Adele Blanc-Sec Review



**Amélie meets Indiana Jones in a charming, funny and exciting escapade. The French love their comic books, and it’s great to see Luc Besson sufficiently enamoured of Jacques Tardi’s sexy Adèle Blanc-Sec serials to set aside his producing activities long enough to direct one with his habitual lashings of personal style and a still-youthful energy. Adapted by Besson from two of Tardi’s ‘albums’ (Adèle Et La Bête and Momies En Folie, comics connoisseurs), it’s an offbeat ripping yarn, with a plucky, resourceful, unflappable heroine (Louise Bourgoin) who romps from Egyptian tomb to tennis court in picturesque big hats and pre-First World War skirts but a thoroughly modern spirit.

Besson and his regular director of photography since La Femme Nikita, Thierry Arbogast, and Joan Of Arc production designer Hugues Tissandier have created a wonderful, visually rich early 20th century Paris in which boulevardiers, can-can dancers, politicians, le bon ton, scholars and a Scottish terrier mingle fantastically with re-animated prehistorical and mummified beings. Adèle also journeys to Egypt — references to her previous adventures make clear her renown for globe-trotting exploits in search of myth and mystery — where a treasure hunt gets tricky and dangerously confrontational with the entrance of sinister tomb raider/rival Dieuleveult (an alarmingly prostheticised Mathieu Amalric). Meanwhile shy scientist Zborowski (Nicolas Giraud) is nurturing an unrequited love for Mlle. Adèle, Adèle’s twin sister lies in near-death catatonia after a spectacularly freaky accident, and the French government has set a mighty big-game hunter (Jean-Paul Rouve as Saint-Hubert) on the trail of the pesky pterodactyl with whom we have every sympathy. Relative newcomers Bourgoin and Giraud are attractively engaging, Bourgoin’s beauteous but no-nonsense Adèle winning over the living, the dead and the indeterminate with her catchphrase/signature move: “Into my arms!”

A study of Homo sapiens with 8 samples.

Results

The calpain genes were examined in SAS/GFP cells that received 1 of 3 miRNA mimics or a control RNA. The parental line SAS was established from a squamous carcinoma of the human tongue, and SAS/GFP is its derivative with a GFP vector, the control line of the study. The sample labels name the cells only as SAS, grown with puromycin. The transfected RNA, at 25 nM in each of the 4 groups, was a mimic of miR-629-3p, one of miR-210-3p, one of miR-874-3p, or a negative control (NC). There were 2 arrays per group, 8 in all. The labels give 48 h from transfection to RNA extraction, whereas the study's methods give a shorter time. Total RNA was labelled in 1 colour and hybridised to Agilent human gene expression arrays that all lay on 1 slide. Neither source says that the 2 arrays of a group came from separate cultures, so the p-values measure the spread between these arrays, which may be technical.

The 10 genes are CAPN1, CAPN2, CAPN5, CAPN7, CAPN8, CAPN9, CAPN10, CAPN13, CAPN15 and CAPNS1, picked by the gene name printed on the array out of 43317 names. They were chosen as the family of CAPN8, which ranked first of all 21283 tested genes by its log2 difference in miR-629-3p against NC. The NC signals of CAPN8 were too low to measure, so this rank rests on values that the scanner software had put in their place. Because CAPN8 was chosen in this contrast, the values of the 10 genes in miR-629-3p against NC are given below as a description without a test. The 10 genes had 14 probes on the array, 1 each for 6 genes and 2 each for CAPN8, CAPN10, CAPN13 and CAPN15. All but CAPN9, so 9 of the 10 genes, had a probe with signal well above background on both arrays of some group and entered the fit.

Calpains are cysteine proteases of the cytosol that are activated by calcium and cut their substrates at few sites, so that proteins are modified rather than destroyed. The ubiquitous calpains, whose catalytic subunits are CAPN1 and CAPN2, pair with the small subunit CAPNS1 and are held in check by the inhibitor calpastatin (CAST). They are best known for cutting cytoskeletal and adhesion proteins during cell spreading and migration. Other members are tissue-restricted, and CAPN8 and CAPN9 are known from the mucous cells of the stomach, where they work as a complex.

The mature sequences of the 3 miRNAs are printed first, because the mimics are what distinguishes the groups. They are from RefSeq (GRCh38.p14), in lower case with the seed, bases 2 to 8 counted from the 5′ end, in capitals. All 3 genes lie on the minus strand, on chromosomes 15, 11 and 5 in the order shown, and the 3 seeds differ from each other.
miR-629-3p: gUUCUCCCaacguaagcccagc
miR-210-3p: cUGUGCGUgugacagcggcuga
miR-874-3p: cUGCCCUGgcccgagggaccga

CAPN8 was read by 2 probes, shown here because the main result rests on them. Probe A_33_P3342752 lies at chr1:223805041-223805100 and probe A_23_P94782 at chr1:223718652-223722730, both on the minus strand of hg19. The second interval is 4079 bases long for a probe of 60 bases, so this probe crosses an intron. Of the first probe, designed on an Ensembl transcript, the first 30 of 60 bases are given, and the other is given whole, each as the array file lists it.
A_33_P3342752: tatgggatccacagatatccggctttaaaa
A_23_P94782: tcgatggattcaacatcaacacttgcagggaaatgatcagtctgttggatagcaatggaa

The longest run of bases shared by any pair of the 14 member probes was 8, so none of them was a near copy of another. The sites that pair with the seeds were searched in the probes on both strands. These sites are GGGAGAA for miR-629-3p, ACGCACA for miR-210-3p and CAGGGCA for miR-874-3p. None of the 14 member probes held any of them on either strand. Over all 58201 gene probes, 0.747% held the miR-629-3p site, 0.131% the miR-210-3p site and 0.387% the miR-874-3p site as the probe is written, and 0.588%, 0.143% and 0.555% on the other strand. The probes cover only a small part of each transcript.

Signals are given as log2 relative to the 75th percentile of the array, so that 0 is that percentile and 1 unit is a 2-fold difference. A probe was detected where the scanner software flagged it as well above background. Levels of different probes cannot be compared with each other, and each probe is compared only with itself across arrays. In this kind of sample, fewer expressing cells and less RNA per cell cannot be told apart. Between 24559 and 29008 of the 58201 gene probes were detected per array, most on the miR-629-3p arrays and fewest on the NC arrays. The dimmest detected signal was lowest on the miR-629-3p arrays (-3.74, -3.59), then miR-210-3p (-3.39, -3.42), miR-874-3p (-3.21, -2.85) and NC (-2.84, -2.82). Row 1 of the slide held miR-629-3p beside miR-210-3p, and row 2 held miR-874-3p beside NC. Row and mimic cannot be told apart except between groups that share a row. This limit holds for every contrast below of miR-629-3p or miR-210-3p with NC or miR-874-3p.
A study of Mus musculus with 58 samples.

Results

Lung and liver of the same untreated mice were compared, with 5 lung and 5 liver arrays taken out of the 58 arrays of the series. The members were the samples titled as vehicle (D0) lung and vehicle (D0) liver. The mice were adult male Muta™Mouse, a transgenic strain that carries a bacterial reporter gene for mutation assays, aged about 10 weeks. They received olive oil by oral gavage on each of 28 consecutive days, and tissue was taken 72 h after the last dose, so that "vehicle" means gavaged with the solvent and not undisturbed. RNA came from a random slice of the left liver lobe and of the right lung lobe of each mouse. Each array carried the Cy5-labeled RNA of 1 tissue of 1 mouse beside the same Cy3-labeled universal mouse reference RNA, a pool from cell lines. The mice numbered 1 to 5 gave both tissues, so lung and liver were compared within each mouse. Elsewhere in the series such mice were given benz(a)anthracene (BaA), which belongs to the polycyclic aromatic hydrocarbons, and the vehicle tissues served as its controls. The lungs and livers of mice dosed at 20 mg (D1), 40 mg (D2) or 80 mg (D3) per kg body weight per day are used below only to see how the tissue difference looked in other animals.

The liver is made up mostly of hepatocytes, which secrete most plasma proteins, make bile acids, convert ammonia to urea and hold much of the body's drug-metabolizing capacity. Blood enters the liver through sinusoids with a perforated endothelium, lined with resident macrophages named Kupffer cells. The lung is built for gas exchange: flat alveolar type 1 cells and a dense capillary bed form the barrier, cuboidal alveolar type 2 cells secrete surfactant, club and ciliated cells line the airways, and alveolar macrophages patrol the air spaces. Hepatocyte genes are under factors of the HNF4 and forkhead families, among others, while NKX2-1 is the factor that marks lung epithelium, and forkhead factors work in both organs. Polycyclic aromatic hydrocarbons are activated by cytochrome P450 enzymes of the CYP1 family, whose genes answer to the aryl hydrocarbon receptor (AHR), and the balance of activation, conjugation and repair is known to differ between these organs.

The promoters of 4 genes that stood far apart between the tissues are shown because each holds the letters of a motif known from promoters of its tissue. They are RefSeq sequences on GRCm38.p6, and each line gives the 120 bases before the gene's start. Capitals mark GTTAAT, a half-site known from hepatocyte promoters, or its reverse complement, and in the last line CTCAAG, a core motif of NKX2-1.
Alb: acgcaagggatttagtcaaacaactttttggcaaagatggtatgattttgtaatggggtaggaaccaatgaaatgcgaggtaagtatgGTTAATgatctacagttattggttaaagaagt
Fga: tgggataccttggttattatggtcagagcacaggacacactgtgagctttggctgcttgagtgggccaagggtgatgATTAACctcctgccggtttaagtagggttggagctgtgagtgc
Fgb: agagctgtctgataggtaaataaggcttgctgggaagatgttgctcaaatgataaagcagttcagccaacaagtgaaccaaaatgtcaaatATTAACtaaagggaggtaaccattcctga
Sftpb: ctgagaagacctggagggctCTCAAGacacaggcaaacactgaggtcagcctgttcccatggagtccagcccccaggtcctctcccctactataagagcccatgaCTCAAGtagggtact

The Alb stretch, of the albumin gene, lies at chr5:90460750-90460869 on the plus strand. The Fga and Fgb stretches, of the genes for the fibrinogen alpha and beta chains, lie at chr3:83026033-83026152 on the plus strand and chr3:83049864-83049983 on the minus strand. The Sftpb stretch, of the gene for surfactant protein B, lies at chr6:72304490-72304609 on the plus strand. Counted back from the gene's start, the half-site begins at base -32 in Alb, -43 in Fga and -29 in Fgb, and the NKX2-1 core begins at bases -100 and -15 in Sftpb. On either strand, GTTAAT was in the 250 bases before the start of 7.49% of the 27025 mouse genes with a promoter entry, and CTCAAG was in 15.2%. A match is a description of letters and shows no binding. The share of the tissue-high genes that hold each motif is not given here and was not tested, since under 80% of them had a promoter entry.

The actors play it droll but fairly straight through a playful series of set-pieces, like a montage of Adèle’s numerous attempts, in a string of disguises, to break Jacky Nercessian’s decrepit eccentric, Professor Esperandieu (a dead ringer for Ralph Fiennes as the burned English Patient), out of prison, and a close shave with the guillotine that makes breathing difficult from screaming and laughing at the same time.

A romp magnifique, with enough thrills, giggles and pretty pictures to reward adventure-lovers who wouldn’t normally entertain the idea of taking in a treat with subtitles. Don’t miss the mid-credits postscript.